One of Poland's largest banks has introduced an Internet service with a feature not yet prevalent in the U.S. consumer market.

To bolster on-line security, customers of Powszechny Bank Gospodarczy, known as PBG, are given a Digipass, a hand-held device that generates a one-time, random-number access code.

Using this in addition to a personal identification number-a procedure known as two-factor authentication that is more common in bank money- transfer and other high-security operations-brings the full Internet banking service to the desktop.

Digipass developer Vasco Data Security Inc. has sold it to more than 115 financial institutions, none in the United States.

Vasco of Oakbrook Terrace, Ill., said one large North American bank is about to give Digipass to thousands of business customers for secure access to cash management services.

European banks need to be more concerned about Web site security than U.S. banks, because American browsers use stronger data encryption, said Octavio Marenzi, research director at Meridien Research Inc. in Needham, Mass. Domestic software companies have been under restrictions-many of them now being lifted-on exporting stronger forms of encryption.

The United States "has relied on the browser, while Europe has had to use things outside the browser for additional security," Mr. Marenzi said. "European banks have had to be more creative."

PBG is concerned about hackers, said Janusz Gladyszewski, a bank vice president. A few months ago attacks were detected, but they failed.

"As one of the leading banks in Poland, it is our duty to guarantee the future needs of our clients through a product proven in the remote banking security sector," he said.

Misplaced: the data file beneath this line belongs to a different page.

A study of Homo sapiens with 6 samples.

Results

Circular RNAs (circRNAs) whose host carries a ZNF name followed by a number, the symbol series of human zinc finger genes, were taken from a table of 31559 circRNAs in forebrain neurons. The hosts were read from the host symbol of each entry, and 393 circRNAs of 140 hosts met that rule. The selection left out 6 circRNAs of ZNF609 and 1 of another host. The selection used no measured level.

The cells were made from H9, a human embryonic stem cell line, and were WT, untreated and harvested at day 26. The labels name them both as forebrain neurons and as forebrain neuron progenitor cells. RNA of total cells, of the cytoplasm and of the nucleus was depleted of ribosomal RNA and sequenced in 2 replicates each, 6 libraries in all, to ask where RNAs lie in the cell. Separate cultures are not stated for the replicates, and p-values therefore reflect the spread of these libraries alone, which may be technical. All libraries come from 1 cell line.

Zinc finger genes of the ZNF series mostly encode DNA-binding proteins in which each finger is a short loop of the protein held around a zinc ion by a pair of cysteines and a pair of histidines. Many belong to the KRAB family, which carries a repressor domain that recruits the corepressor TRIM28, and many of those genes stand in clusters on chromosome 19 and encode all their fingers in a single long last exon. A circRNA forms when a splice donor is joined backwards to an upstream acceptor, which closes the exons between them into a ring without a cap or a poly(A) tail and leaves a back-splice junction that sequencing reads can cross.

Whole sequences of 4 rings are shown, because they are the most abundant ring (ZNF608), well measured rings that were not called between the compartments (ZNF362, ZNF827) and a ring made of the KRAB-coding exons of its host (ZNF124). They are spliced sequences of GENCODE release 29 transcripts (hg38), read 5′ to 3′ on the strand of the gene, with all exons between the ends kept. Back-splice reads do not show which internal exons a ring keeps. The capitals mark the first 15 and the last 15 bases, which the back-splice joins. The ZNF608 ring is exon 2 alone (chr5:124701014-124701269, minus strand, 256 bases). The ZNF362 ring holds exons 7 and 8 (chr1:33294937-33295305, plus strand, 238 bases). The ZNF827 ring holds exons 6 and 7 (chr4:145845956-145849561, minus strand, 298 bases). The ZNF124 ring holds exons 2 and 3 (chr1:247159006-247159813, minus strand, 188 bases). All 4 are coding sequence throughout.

The PBG Web site, which debuted in mid-October, lets customers and companies view their account histories for the past 300 days and do on-line bill payments.

"We want to give our clients new possibilities and the ability to make contact with the bank without coming in," Mr. Gladyszewski said.

About 400 customers and 10 small businesses have gotten Digipasses so far. PBG has more than three million account holders and 200,000 business clients. It hopes to have 1,000 people using Digipass by yearend, Mr. Gladyszewski said.

Interest in Internet banking is growing in Eastern Europe, he said. About 1.5 million of the 40 million people in Poland are on the Internet, and demand for home banking is evident, Mr. Gladyszewski said.

Internet banking has been slow to take off in Eastern Europe, Mr. Marenzi said, because incomes and profit potential are low and personal computers relatively scarce.

LOS GATOS, Calif.-SCM Microsystems Inc. announced the availability of a smart card reader for personal computers. The SwapSmart USB, or Universal Serial Bus, reader-demonstrated last week at the Cartes '98 show in Paris- prepares most new desktop and notebook devices for secure electronic commerce. It meets the needs of corporate technology managers seeking "readers that are cost-effective and easy to configure," said president Steve Humphreys.